China’s Ministry of Industry and Information Technology yesterday announced a major crackdown on VPN (virtual private network) services that encrypt Internet traffic and let residents access websites blocked by the country’s so-called Great Firewall. The ministry “said that all special cable and VPN services on the mainland needed to obtain prior government approval—a move making most VPN service providers in the country of 730 million Internet users illegal,” reported the South China Morning Post, a major newspaper in Hong Kong.
China’s announcement said the country’s Internet service market “has signs of disordered development that requires urgent regulation and governance” and that the crackdown is needed to “strengthen cyberspace information security management,” according to the Post. The government said its crackdown would begin immediately and run until March 31, 2018.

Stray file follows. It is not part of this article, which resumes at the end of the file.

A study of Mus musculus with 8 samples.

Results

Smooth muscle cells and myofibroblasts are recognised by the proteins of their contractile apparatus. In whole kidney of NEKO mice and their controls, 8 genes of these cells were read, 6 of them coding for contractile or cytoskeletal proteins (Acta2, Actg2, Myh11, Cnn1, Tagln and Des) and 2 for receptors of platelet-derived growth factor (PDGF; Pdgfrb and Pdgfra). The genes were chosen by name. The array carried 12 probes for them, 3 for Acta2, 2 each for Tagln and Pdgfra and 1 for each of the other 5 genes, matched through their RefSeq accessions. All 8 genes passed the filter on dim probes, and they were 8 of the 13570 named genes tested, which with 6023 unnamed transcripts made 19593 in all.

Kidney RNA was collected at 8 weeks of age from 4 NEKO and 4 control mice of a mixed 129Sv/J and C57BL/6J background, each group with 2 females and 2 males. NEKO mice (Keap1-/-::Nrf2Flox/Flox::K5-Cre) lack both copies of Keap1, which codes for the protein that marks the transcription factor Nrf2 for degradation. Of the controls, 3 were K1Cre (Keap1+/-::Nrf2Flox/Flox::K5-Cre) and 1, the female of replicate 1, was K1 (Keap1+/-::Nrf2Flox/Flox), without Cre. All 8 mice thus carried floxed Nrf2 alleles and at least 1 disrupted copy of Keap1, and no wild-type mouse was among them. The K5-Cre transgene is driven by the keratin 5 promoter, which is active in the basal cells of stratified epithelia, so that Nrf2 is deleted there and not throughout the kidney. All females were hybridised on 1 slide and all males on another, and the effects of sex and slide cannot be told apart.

Numerous Internet users in China rely on VPNs to access sites blocked or censored by the government’s Great Firewall, such as Google, YouTube, Facebook, Twitter, Tumblr, Dropbox, The Pirate Bay, The New York Times, The Wall Street Journal, and many others. Apple recently pulled New York Times apps from its Chinese App Store to comply with Chinese regulations.
China’s tightening of its already strict Internet censorship may be preparation for this autumn’s 19th National Congress of the Communist Party of China, at which new party leadership will be elected. Besides the VPN crackdown, China on Saturday shut down “two websites run by a liberal Chinese think tank” and 15 other websites, the Post reported.